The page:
Blame it on the flash crash

Just over one year after the 6 May flash crash in the US, regulators across the globe are considering ways to handle the risks posed by algorithmic trading.
By None

Why have regulators mooted stress testing for algorithms? Haven't they got enough on their plates?

The US ”flash crash' on 6 May 2010 highlighted to many just how fragile equity market structure has become and the systemic risk that algorithmic trading can pose.

In the aftermath of the crash – which saw the Dow Jones Industrial Average index plummet by almost 1,000 points in a matter of minutes before rebounding just as fast – many market participants pointed the finger at high-frequency traders and differences in exchange protocols for dealing with big market swings.

But a joint report from US regulators the Securities and Exchange Commission (SEC) and the Commodity Futures Trading Commission (CFTC) lay the blame at a mutual fund, which sparked the pandemonium with a single algorithmic order.

The execution algorithm was programmed to sell 75,000 E-Mini S&P 500 futures market but without regard to time or price. High volatility at the time the order was placed – caused by market uncertainty over the possibility of Greek government debt default – led the algo to sell 35,000 E-Mini contracts in less than 14 minutes.

The shock that this order caused on the futures market quickly filtered through to the equities market, where a number of brokers temporarily withdrew from the market and some market makers widened their spreads, reduced available liquidity or exited the market entirely.

The fact that a pretty standard algo order from a well-established money manager could trigger such mayhem, forced regulators and other market participants to acknowledge that safeguarding the equity markets required a broader approach than imposing restrictions on high-frequency traders.

So what has actually been proposed with regards to testing of algorithms?

In the US, there have been no proposals for regulators to test algos directly, but other proposals by the CFTC and SEC would ensure an algorithmic order is fit to hit the market.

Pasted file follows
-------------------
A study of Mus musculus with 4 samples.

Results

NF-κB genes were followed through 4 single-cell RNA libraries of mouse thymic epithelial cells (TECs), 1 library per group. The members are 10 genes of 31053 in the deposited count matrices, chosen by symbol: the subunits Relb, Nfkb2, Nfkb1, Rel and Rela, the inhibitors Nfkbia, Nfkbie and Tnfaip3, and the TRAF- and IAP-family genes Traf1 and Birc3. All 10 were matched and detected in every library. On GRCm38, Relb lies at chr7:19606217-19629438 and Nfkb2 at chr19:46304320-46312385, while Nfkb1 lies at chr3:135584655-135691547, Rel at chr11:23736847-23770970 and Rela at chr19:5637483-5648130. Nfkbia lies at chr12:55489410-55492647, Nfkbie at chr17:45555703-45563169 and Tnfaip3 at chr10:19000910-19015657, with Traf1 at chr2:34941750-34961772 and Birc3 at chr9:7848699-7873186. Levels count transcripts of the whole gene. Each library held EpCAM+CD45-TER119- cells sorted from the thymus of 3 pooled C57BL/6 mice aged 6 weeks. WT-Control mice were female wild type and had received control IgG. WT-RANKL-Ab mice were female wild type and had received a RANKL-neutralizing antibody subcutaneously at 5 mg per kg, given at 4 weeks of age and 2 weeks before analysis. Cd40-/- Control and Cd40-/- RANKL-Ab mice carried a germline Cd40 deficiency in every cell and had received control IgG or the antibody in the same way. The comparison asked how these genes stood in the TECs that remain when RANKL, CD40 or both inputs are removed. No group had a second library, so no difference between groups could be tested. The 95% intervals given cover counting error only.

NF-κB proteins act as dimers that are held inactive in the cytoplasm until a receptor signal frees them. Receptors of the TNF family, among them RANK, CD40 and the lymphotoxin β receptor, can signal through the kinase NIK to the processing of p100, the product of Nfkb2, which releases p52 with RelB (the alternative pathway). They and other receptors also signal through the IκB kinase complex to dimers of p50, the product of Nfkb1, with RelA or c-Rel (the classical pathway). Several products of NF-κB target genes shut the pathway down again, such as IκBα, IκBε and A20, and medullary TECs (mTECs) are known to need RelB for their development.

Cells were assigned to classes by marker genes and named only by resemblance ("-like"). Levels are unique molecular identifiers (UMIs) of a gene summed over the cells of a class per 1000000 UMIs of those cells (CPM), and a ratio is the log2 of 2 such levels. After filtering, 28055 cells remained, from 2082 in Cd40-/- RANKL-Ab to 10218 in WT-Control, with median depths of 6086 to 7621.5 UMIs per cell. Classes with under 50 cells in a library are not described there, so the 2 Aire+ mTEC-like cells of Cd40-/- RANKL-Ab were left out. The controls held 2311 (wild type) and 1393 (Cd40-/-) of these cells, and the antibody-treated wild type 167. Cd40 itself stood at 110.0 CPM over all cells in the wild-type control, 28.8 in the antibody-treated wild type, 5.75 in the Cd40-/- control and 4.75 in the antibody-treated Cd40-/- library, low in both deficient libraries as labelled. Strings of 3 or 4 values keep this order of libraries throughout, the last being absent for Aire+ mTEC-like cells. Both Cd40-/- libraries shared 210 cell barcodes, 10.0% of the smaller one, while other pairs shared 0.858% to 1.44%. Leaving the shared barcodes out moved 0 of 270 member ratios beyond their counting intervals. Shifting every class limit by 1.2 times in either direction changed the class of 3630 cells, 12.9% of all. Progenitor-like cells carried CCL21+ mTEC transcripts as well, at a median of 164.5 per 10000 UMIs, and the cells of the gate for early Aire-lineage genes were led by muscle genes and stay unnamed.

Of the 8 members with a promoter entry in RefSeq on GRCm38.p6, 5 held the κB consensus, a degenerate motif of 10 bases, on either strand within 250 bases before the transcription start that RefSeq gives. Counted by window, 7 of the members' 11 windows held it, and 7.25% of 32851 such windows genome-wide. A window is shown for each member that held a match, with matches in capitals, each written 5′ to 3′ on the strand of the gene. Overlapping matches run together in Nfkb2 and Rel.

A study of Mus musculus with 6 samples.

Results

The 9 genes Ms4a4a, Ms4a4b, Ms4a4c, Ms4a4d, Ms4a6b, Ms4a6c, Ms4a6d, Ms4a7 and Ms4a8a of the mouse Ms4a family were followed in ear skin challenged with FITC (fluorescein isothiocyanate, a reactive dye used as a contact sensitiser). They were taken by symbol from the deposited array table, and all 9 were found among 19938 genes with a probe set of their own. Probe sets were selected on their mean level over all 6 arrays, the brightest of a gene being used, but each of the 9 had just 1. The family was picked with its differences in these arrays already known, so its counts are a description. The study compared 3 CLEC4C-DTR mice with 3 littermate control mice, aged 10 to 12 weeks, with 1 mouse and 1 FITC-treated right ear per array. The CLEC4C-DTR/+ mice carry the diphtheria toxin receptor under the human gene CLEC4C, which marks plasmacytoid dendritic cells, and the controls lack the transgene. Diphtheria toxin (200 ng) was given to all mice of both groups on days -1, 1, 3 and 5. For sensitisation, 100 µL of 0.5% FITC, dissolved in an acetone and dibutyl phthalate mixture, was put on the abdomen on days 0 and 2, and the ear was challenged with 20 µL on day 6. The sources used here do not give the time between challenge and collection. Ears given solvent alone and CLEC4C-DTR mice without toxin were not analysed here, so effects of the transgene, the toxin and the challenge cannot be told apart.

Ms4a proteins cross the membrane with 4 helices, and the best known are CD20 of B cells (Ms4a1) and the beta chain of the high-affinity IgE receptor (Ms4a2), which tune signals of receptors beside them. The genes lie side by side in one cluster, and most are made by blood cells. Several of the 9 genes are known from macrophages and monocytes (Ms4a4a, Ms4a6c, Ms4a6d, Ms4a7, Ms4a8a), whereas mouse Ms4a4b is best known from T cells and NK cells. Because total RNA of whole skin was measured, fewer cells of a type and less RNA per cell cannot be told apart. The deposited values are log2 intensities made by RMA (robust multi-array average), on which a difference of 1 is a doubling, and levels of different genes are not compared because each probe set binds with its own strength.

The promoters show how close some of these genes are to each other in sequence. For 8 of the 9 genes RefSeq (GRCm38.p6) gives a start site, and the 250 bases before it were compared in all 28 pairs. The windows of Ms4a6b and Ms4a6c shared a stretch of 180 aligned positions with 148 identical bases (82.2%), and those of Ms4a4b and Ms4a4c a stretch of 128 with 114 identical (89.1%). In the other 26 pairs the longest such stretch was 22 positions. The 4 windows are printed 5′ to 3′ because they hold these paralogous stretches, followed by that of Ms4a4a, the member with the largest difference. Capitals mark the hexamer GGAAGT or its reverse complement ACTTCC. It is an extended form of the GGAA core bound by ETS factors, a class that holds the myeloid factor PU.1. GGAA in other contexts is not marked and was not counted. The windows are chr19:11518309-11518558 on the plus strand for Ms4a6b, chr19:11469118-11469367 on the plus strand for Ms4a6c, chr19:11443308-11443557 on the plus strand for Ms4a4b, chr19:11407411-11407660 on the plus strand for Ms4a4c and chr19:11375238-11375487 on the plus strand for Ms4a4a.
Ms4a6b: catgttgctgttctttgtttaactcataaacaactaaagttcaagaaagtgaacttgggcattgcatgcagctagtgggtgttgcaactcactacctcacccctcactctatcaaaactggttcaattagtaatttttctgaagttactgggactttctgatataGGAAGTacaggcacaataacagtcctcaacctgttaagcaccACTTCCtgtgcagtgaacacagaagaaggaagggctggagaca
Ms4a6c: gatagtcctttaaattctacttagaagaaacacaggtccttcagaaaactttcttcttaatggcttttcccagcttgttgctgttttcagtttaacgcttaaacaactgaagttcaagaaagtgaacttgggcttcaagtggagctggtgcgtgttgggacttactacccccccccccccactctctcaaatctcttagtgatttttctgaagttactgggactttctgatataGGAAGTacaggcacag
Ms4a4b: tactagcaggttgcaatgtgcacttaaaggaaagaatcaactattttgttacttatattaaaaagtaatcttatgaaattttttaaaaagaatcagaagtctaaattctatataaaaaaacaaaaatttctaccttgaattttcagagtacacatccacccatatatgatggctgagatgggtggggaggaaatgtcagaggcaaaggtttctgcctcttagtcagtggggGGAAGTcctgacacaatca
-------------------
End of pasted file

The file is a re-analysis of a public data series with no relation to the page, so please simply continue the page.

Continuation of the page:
In February 2011, a report by the joint SEC-CFTC advisory committee on emerging regulatory issues made 14 recommendations relating to the regulatory response to the events of the flash crash. One of these was to urge the CFTC to impose strict requirements on trading firms that use algos themselves or support clients' algorithmic trading activity.

According to the report, such requirements would “ensure that algorithmic firms…demonstrate that there had been a careful evaluation of how an algorithm would operate in a number of scenarios that engender high market volatility”.

Just a few weeks later, the CFTC proposed that trading firms should provide the details of price collars, throttles and a ”kill button' that are built into their derivatives trading systems to limit the risks associated with DMA. CFTC commissioner Scott O'Malia noted that the proposals – which were out for comment until the end of March – would “serve as the foundation to any future proposed rules concerning testing and supervision requirements related to algorithmic trading”.

Most recently, during a speech at industry body SIFMA's Compliance and Legal Society Annual Seminar, SEC chairman Mary Schapiro said that automation review policies (ARPs) – a set of guidelines introduced after another market crash in 1987 to ensure market participants have adequate oversight of their systems – could be formalised and made obligatory. ARPs currently take the form of policy statements, and are therefore not binding.

Mandating ARP requirements would require trading venues, clearing houses, securities depositories and information processors to acquire and test systems that are necessary to run their operations, and may enforce an extra layer of risk checks for algorithms at the trading venue level.

“Today, with risks including algorithm-generated volume surges and malevolent hackers still very much with us, I believe the SEC should consider making ARP compliance mandatory,” said Schapiro.

Is there any appetite from regulators in other markets to impose mandatory stress testing of algorithms?

In its MiFID review consultation process, the European Commission put forward a proposal that would require firms engaged in automated trading to notify authorities of the algorithms they use, which would include giving details on its design, purposes and functioning.

While the proposals are vague, it seems regulators would not have the ability to intervene by making changes to an algo's functionality; they would only be ”notified' of their function. But if this proposal were to be adopted in the EC's final draft of MiFID II rules (expected at some point this summer), stress testing of algos could be the logical next step.

“Stress-testing of venues and the algos that access them is likely to become the norm; as the search for liquidity becomes more time sensitive, our market structures and reporting standards for regulatory oversight needs to be robust,” Kay Swinburne MEP for Wales and member of the European Parliament's Economic and Monetary Affairs Committee, told The TRADE in April.

Meanwhile, Australia's financial regulator, the Australian Securities and Investment Commission, recently made proposals in its own equity market structure consultation that would require market participants to ensure that algorithms that they or their clients use are appropriately tested before use, document the logic used and have appropriate testing procedures.